5 Common Logistical Risks When Purchasing Overseas

Logistical Risks When Purchasing Overseas


Delayed Arrival of Goods

Most delays are completely beyond your logistics partner’s control. External factors, such as border closures brought about by the COVID-19 pandemic, have limited the movements of logistic companies all over the world. Especially with the growing workload of Customs and border agencies due to the surge of overseas shipment, and amidst the decrease in available personnel due to COVID-19 infection, it may take a longer time for parcel inspection to be accomplished.

Aside from this, there are other external factors that can delay the arrival of shipments. In March 2021, a vessel blockage in the Suez Canal, the  shortest sea link between Asia and Europe, made it difficult for cargo ships to pass through. This stopped global trade for a week, which continued to result in shipping delays until now.

Quality Issues

The international shipping industry is responsible for carrying 90% of world trade. This demonstrates how many parcels are being shipped day by day all over the world. Because of the bulk of shipments that logistic companies are handling, it may be almost impossible for them to take each and every parcel with extreme care. At most, they will secure parcels in groups, which may lead to inevitable quality issues and damages once they reach their final destination.

Complicated Documentation Requirements

When shipping internationally, various documents are required to be presented in ports to Customs authorities, while cargoes are subjected to stringent inspections. Although most logistic companies keep themselves abreast of these documentary requirements, Custom Declarations may change from time to time. For example, when the UK decided to leave the EU, it led to a change in the transport of goods from free trade across Europe to a Brexit compliant trade. These changes typically result in additional paper works and documentary requirements, causing  more security checks and border delays.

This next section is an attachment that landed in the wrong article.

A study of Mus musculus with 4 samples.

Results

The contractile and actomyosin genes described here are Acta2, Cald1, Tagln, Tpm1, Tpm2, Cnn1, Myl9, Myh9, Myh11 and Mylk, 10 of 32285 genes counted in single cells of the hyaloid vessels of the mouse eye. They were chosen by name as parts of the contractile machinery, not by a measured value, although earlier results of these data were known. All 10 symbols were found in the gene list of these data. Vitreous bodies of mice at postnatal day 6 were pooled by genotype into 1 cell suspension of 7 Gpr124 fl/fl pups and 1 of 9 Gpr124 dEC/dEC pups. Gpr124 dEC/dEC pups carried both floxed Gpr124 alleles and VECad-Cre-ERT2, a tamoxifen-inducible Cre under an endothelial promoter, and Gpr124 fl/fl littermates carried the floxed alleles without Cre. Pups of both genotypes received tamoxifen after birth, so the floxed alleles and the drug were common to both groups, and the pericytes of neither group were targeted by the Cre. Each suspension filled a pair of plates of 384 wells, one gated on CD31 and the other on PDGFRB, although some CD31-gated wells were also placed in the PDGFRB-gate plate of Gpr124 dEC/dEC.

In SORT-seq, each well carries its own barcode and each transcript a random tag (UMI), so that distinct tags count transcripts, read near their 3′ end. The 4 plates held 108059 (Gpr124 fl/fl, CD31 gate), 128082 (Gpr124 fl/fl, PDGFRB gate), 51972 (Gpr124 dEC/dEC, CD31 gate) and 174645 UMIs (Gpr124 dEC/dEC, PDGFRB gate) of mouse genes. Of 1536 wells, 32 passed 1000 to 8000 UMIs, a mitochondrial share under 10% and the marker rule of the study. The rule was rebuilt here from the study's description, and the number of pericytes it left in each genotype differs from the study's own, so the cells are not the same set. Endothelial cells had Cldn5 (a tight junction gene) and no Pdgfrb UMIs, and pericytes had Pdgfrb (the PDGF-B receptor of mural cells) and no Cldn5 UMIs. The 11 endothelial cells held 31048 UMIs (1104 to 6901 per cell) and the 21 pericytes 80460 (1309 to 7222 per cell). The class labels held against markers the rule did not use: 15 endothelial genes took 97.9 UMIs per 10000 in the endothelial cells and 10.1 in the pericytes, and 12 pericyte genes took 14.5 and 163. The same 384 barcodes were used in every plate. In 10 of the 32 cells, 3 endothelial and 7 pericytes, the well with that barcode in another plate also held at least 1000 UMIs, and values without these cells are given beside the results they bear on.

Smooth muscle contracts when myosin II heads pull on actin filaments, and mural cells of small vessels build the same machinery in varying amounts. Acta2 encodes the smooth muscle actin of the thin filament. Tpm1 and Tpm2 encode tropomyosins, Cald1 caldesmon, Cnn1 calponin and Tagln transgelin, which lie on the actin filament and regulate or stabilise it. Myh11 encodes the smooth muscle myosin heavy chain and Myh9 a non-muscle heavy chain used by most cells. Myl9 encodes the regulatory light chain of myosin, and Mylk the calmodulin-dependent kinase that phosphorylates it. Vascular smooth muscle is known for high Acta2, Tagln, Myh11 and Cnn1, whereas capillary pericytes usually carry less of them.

Loss and Stolen Cargoes While in Transit

Losses of cargo can occur through various ways, from mislaying containers and mis labelling to premeditated criminal designs, such as piracy and robbery. In a 2017 report by the National Cargo Security Council, it was even estimated that the total loss incurred due to lost and stolen cargoes annually amounted to $50 billion. With cargo ships chartering vast oceans, and with logistic companies handling loads of goods, detecting these problems may be a really difficult job to do. With the help of technological advancements, however, we continue to hope that cargo handling becomes easier for them.

Communication Delays

Compared to traditional buying and selling, overseas purchases and shipments involve a more complicated network of activities and processes. With so many links involved from manufacturing to transport, communication obstacles become inevitable. As a result, critical errors as to cargo storage and warehousing may arise, which may result in product damages.

Remedies

To alleviate these risks, consumers and businesses alike should consider engaging the help of digital brand distributors like Kingpin, a company on a mission to bridge the gap between brands and retailers. Through their expertise in the field of e-commerce, all parties to the supply chain will not only have a one click access to global suppliers, but also to hassle-free payment terms and managed logistic services through reliable partners.